In the spring of 2009, I picked up my camera, left Baltimore, and set out on a two-month road trip to document the impact of the recession on everyday Americans. As I drove a clockwise loop around the country, I began to notice a disturbing pattern: Every town I drove through looked the same. At every highway interchange, I was greeted by the same fast food chains, big box stores and car dealerships. When the cities did distinguish themselves to a traveler’s eye, it was the small businesses that stood out, because they existed there and nowhere else.
As I spent time in these places, I learned it was really the people that made the place unique, and the small businesses were simply a manifestation of their hopes and dreams for themselves, their families, their communities.
I’d lost my job several months earlier, a casualty of the decline of local journalism. In my travels, I sought out people to interview and photograph who had also experienced loss at the hand of economic forces almost too big, complex and abstract to comprehend. To find these people, I used my personal network and ads on Facebook and Craigslist, and when those didn’t work, I’d set up in coffee shops and diners with a hand-made sign asking for interviews.
A pattern emerged out of these conversations. The people I spoke with thought they’d found stability and security working for a corporation or a big institution, only to be treated as expendable when their employer’s investment portfolio or stock value took a nosedive. These people had lost jobs, homes and confidence in themselves. Many wept as they told me their stories, uncertain how they’d feed themselves and their children in the months ahead.
But another, more hopeful pattern emerged as well. Many of these people were turning their loss into an opportunity to start something of their own, something they’d been putting off in favor of that illusory stability. They were becoming entrepreneurs. They still wanted the American dream, and if their corporate employers wouldn’t give it to them, they were going to go out, take the risk and earn it on their own terms.
I ended up spending the next couple years in New Orleans, and learned what it was like to live in a city that prized its unique identity and celebrated the things it could offer the world that no place else could (though many try!). The stories I heard on that road trip stayed with me as I pivoted from journalism to urban planning in the years that followed.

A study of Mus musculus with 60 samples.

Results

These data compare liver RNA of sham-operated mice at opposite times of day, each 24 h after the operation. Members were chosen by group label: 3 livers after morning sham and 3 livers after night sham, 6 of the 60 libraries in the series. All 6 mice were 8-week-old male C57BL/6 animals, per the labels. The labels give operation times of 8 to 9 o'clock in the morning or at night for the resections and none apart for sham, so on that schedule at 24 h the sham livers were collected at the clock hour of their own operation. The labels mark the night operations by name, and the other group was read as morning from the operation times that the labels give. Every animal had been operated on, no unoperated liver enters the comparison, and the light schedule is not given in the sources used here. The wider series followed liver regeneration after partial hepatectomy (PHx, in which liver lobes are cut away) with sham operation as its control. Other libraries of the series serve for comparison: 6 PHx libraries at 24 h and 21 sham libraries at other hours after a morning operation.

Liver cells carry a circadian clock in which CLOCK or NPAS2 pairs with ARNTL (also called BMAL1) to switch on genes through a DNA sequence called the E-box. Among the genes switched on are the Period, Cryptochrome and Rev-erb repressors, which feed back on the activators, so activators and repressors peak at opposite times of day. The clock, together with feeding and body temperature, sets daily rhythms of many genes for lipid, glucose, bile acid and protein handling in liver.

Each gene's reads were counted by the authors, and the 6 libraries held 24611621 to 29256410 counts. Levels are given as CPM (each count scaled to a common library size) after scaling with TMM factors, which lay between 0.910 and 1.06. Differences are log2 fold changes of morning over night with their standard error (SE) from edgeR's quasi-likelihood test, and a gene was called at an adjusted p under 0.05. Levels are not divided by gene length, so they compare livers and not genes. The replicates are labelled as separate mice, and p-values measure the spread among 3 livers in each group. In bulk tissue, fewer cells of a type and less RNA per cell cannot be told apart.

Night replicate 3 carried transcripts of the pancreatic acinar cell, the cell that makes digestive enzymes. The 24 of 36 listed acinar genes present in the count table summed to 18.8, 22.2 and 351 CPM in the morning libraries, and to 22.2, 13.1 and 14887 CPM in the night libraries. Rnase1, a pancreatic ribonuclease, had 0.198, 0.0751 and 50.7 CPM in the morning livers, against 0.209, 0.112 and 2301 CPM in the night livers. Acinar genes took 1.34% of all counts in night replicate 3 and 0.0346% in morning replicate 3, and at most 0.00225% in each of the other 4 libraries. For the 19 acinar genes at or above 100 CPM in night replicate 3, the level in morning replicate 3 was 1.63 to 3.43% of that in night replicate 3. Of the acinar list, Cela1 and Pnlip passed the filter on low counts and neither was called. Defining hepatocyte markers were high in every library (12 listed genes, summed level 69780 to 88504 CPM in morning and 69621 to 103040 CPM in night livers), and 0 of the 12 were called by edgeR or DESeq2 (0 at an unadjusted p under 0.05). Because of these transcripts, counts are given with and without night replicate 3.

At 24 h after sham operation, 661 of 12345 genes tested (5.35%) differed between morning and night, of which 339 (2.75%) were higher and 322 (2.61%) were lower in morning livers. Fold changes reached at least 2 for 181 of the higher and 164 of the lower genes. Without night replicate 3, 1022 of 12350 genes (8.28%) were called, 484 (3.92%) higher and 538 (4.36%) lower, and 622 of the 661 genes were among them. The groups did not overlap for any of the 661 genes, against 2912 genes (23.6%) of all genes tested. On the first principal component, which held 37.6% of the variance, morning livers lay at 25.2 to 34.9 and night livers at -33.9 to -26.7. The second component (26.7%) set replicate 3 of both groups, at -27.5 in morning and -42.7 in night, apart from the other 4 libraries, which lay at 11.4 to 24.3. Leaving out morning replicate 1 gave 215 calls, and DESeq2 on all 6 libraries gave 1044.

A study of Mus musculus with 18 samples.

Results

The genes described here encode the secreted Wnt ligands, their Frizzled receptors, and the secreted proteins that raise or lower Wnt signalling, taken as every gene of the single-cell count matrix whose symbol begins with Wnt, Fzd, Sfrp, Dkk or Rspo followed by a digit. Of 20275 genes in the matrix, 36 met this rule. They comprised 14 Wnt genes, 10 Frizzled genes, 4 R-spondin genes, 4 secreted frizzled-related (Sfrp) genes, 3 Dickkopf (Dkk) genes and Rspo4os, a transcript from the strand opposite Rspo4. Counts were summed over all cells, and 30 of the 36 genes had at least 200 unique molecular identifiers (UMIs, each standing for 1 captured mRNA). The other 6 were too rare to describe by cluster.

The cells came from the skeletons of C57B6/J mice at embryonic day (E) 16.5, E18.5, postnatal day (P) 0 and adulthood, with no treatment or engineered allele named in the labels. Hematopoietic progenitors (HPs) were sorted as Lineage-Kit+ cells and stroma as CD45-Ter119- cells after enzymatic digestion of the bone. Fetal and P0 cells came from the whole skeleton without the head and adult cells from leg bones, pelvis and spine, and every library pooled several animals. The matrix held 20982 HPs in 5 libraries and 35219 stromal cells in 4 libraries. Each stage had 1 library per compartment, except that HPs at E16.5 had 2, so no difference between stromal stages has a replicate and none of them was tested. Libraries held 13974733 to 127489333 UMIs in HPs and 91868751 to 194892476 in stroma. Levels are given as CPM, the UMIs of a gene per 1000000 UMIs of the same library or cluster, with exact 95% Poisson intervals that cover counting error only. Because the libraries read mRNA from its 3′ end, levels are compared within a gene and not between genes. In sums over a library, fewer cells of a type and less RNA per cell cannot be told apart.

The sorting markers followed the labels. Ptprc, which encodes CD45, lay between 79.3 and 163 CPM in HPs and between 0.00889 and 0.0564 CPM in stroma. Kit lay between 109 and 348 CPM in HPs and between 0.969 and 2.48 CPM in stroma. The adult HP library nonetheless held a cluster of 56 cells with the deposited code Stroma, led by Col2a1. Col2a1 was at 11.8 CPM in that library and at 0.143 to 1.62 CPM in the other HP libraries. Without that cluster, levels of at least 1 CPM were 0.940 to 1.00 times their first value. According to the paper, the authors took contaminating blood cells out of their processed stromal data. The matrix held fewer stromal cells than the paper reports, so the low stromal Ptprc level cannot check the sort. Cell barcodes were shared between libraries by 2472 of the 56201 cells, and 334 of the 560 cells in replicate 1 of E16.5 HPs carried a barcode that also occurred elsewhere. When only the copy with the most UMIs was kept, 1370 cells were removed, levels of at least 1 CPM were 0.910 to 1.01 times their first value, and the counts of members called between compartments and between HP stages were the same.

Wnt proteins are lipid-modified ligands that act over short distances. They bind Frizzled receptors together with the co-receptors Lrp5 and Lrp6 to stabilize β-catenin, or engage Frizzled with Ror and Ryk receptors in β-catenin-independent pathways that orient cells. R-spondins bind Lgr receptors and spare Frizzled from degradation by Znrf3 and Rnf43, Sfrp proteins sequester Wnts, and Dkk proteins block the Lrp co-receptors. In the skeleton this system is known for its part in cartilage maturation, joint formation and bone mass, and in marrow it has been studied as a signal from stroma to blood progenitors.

I returned to Baltimore in 2014, determined to help re-build a local economy that supported people over profits and celebrated the unique character of Baltimoreans — a people I’ve come to see characterized by grit, creativity, compassion, humility and clear-eyed determination.
While working at the Baltimore City Department of Planning, I started a program called Made In Baltimore, whose mission is to uplift maker entrepreneurs, filling the gaps left in Baltimore’s manufacturing sector when the big corporations abandoned us decades ago. These entrepreneurs represent the future of our city. They’re creating new and exciting products, and, along with them, good paying, working class jobs. They’re inhabiting buildings long abandoned and bringing life back to neighborhoods. But they’re also doing something equally, if not more important: They’re keeping consumer dollars in Baltimore and building generational wealth in our communities.
You see, when we buy something made overseas, from a company owned by investors or CEOs in far-away places, our money leaves Baltimore, never to return. But when we buy locally made goods by locally owned businesses, most of that money stays right here, re-circulates and continues to work for our city.
Baltimore has experienced decades of dis-investment, leading to the myriad social ills that persistently plague us. Buying local creates new economic opportunities, and so becomes a step towards reversing that trend. Sure, it might be cheaper to buy things from the big online retailers, but I believe the benefit to our city is worth the few extra dollars.
Despite everything going on in our country, when I look around Baltimore today, I have hope. I see a city questioning the status quo that has consistently failed to deliver for our most vulnerable people. I see a city embracing and uplifting the local businesses that make our neighborhoods distinct, vibrant and safer. I see a city demanding more of its leaders. I see a city finding its voice.
Believe it or not, the holiday shopping season is upon us. It’s the time of year when the vast majority of consumer spending takes place, and when small businesses can earn the money that will carry them through much of the next year. I want these businesses to thrive because I want my city to thrive, and that’s why I buy local. If you agree, join me.
Andy Cook (firstname.lastname@example.org) is the executive director of Made In Baltimore, a program of the Baltimore Development Corporation.